Kumudika, Kumudikā: 7 definitions

Introduction:

Kumudika means something in Hinduism, Sanskrit. If you want to know the exact meaning, history, etymology or English translation of this term then check out the descriptions on this page. Add your comment or reference to a book if you want to contribute to this summary article.

In Hinduism

Kavya (poetry)

[«previous next»] — Kumudika in Kavya glossary
Source: Wisdom Library: Kathāsaritsāgara

Kumudikā (कुमुदिका) is the name of a courtesan (vilāsin), according to the Kathāsaritsāgara, chapter 58. Accordingly, “...  there he [king Vikramasiṃha] entered with his minister [Anantaguṇa] the house of a courtesan, named Kumudikā, renowned for her wealth; and she, seeing him suddenly entering the house, thought: ‘This is a distinguished hero that has come to my house: and his majesty and the marks on his body show him to be a great king, so my desire is sure to be attained if I can make him my instrument’”.

The Kathāsaritsāgara (‘ocean of streams of story’), mentioning Kumudikā, is a famous Sanskrit epic story revolving around prince Naravāhanadatta and his quest to become the emperor of the vidyādharas (celestial beings). The work is said to have been an adaptation of Guṇāḍhya’s Bṛhatkathā consisting of 100,000 verses, which in turn is part of a larger work containing 700,000 verses.

Kavya book cover
context information

Kavya (काव्य, kavya) refers to Sanskrit poetry, a popular ancient Indian tradition of literature. There have been many Sanskrit poets over the ages, hailing from ancient India and beyond. This topic includes mahakavya, or ‘epic poetry’ and natya, or ‘dramatic poetry’.


Sanskrit dictionary

Source: DDSA: The practical Sanskrit-English dictionary

Kumudika (कुमुदिक).—a.

1) Abounding in Kumudas.

-kā Name of a plant (kaṭphalā).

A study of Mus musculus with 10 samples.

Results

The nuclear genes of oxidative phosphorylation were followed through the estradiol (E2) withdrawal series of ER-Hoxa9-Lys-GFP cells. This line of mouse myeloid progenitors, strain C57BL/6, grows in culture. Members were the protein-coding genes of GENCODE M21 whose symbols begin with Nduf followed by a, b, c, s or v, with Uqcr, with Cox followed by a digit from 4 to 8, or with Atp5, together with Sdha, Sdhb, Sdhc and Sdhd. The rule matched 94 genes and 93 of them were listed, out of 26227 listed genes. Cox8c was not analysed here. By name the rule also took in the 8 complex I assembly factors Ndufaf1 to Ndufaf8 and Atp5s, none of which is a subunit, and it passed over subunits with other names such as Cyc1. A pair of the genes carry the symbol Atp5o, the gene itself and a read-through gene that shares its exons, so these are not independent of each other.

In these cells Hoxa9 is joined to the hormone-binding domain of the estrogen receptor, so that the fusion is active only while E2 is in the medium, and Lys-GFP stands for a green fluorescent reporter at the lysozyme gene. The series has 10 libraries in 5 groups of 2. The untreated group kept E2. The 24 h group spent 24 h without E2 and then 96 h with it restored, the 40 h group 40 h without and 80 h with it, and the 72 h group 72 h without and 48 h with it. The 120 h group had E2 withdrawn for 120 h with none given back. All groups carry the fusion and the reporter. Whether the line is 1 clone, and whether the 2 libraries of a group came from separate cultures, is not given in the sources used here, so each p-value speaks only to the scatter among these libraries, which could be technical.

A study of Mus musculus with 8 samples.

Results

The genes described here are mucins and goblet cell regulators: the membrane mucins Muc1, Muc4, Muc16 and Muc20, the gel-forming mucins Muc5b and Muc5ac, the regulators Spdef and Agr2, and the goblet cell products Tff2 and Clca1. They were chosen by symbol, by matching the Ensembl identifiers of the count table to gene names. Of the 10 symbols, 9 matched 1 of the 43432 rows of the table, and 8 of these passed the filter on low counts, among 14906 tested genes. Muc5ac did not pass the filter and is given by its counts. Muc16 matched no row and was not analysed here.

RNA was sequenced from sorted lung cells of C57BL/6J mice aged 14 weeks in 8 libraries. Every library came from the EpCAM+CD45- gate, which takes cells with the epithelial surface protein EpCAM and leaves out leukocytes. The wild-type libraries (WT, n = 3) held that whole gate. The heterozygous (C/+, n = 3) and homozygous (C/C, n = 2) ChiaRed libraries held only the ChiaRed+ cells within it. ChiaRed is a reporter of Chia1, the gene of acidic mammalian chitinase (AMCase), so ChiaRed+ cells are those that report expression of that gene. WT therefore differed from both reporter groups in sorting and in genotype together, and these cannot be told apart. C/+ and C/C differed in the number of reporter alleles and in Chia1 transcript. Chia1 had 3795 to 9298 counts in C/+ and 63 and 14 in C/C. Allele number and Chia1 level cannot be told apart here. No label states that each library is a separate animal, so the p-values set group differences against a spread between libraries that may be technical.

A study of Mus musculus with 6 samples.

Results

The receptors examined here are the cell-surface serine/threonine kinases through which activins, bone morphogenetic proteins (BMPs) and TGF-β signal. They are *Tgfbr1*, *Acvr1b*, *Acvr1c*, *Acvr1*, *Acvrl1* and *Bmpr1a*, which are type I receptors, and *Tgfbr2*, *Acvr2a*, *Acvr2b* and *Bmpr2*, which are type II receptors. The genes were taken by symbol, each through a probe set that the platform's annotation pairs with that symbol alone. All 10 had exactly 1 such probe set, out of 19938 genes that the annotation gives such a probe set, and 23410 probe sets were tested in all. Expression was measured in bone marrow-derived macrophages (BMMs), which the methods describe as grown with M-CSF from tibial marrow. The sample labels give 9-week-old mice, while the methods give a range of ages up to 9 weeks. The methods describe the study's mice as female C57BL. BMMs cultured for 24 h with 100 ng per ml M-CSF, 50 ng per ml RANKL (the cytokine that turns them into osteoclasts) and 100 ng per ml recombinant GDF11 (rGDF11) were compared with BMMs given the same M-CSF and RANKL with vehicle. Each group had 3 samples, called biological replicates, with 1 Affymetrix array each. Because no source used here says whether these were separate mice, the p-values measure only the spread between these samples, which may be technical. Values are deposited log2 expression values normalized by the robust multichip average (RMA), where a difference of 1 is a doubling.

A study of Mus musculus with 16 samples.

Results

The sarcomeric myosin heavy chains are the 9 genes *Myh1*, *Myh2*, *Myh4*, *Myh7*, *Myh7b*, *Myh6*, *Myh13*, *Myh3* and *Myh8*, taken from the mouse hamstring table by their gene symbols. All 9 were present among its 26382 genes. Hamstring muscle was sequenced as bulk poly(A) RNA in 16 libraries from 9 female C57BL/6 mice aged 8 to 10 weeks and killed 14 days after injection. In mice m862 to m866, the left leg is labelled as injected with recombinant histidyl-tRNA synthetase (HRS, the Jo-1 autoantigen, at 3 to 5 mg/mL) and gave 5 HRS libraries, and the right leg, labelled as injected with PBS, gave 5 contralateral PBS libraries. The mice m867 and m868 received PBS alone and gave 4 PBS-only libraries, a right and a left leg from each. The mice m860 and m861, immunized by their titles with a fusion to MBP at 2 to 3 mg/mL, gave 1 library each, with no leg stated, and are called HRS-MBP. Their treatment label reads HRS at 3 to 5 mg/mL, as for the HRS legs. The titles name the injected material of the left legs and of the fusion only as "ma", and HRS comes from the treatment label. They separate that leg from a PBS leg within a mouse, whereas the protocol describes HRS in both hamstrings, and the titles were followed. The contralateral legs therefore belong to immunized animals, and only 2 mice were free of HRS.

2) A small tree (the seeds to which are aromatic).

Source: Cologne Digital Sanskrit Dictionaries: Shabda-Sagara Sanskrit-English Dictionary

Kumudika (कुमुदिक).—mfn.

(-kaḥ-kī-kaṃ) Abounding with water lilies. E. kumuda, and ṭhac aff.

--- OR ---

Kumudikā (कुमुदिका).—f.

(-kā) A small tree, the seeds of which are aromatic, commonly Kayap'hal: see kumudī, and kaṭphala.

Source: Cologne Digital Sanskrit Dictionaries: Monier-Williams Sanskrit-English Dictionary

1) Kumudika (कुमुदिक):—[from ku-mud] mf(ī)n. abounding with Kumudas, [Pāṇini 4-2, 80]

2) Kumudikā (कुमुदिका):—[from kumudika > ku-mud] f. Name of a woman, [Kathāsaritsāgara]

3) [v.s. ...] Name of the plat Kaṭphala, [cf. Lexicographers, esp. such as amarasiṃha, halāyudha, hemacandra, etc.]

4) [v.s. ...] of a small tree (the seeds of which are aromatic), [Horace H. Wilson]

Source: Cologne Digital Sanskrit Dictionaries: Yates Sanskrit-English Dictionary

1) Kumudika (कुमुदिक):—[(kaḥ-kī-kaṃ) a.] Abounding with water-lilies or lotuses.

2) Kumudikā (कुमुदिका):—(kā) 1. f. A small tree with aromatic seeds (Kāyaphal).

[Sanskrit to German]

Kumudika in German

context information

Sanskrit, also spelled संस्कृतम् (saṃskṛtam), is an ancient language of India commonly seen as the grandmother of the Indo-European language family (even English!). Closely allied with Prakrit and Pali, Sanskrit is more exhaustive in both grammar and terms and has the most extensive collection of literature in the world, greatly surpassing its sister-languages Greek and Latin.